An Argentine bishop close to the Pope is being tried in the Vatican on charges of sexually abusing seminarians
The facts were disclosed by the Pope on Tuesday during an interview with a Mexican television network.
Pope Francis discussed the case during an interview with Televisa, explaining that two weeks ago, following the conclusions of a preliminary investigation into bishop Gustavo Zanchetta, he ordered the case to be tried by a Vatican court.
Zanchetta suddenly resigned as bishop of Oran, Argentina, in 2017, and a few months later, the Pope appointed him to a high position in the Vatican's administrative structure.
Citing documents and interviews, the Associated Press and Argentina's Tribuna de Salta reported that the Vatican was aware of Zanchetta's inappropriate sexual behavior two years before he resigned.
The Vatican insisted that Zanchetta was only facing administrative issues and that the first allegation of sexual abuse arose only in late 2018.
During the interview, the Pope said that he himself questioned Zanchetta about the first charges against him, dating back to 2015, which involved inappropriate 'selfies' on his mobile phone.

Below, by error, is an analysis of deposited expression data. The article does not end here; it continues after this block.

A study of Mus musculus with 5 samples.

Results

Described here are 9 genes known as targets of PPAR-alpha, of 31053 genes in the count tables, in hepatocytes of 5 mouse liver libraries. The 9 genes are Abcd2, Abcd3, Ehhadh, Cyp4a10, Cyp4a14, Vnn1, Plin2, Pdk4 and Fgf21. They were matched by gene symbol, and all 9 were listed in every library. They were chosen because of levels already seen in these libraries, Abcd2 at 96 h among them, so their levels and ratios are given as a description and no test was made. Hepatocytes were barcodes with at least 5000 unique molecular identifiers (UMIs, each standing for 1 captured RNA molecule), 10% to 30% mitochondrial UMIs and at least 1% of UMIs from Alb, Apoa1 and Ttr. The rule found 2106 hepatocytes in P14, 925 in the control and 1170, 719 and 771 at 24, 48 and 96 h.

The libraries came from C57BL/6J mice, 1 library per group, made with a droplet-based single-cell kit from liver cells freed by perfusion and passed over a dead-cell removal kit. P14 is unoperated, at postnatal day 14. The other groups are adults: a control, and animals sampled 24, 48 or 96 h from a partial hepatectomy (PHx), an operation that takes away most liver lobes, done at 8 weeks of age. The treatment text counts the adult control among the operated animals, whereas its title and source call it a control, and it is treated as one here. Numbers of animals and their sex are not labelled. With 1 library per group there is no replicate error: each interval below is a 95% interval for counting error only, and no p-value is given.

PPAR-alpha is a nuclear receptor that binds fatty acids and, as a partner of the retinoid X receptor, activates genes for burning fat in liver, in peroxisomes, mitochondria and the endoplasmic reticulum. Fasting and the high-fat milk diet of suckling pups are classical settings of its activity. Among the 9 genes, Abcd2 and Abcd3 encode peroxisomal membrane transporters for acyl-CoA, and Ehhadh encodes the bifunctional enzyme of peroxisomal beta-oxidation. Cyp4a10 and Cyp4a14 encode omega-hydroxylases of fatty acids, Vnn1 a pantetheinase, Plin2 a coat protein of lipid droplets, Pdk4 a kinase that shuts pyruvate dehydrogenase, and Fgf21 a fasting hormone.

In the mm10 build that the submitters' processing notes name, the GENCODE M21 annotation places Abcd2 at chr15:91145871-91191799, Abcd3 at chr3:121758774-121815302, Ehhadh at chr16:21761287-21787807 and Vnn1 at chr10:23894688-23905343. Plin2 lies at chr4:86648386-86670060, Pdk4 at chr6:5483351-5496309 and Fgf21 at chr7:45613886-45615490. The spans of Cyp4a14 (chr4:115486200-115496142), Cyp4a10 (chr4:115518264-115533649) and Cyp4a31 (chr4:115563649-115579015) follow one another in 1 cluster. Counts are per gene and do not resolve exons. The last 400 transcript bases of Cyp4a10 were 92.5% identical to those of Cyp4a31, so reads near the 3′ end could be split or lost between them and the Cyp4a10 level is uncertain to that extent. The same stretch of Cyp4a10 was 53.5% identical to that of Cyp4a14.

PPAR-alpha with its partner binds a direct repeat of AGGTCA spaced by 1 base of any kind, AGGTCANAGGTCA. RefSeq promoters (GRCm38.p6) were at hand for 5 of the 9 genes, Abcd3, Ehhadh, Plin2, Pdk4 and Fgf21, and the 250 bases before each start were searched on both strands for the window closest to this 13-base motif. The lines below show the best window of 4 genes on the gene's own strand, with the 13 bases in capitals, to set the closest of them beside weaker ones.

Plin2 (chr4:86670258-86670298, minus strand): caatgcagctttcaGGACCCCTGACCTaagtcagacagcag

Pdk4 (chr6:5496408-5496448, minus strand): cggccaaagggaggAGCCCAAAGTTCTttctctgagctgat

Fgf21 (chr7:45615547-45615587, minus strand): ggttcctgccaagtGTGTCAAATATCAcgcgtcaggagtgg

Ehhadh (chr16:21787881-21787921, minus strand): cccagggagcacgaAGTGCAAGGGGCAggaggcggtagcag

The Pope explained that he gave Zanchetta the benefit of the doubt when the latter argued that his phone had been "hacked."
A year later, documents prove that Oran's seminary rector was so concerned about Zanchetta's behavior that he filed a formal complaint with the Vatican ambassador, saying that "urgent measures" were necessary to protect his first-year students, as the introductory classes were held at Zanchetta's residence.
Francisco accepted Bishop Gustavo Zanchetta's resignation in August 2017, after priests in the remote Argentine diocese of Oran complained about his authoritarian rule and a former vicar, a seminary rector and another prelate sent reports to the Vatican alleging abuses of power, inappropriate behavior, and sexual harassment of adult seminarians.
The Pope's decision to allow Zanchetta, 54, to quietly resign and then promote him to a new No. 2 position in one of the Vatican's most sensitive offices has raised questions about whether Francis turned a blind eye to the misconduct of his subordinates or dismissed allegations against them as ideological attacks.
Juan Jose Manzano, a former Oran vicar general who is now a parish priest, said he was one of the diocesan officials who raised the alarm about his boss in 2015 by sending the digital selfies to the Vatican.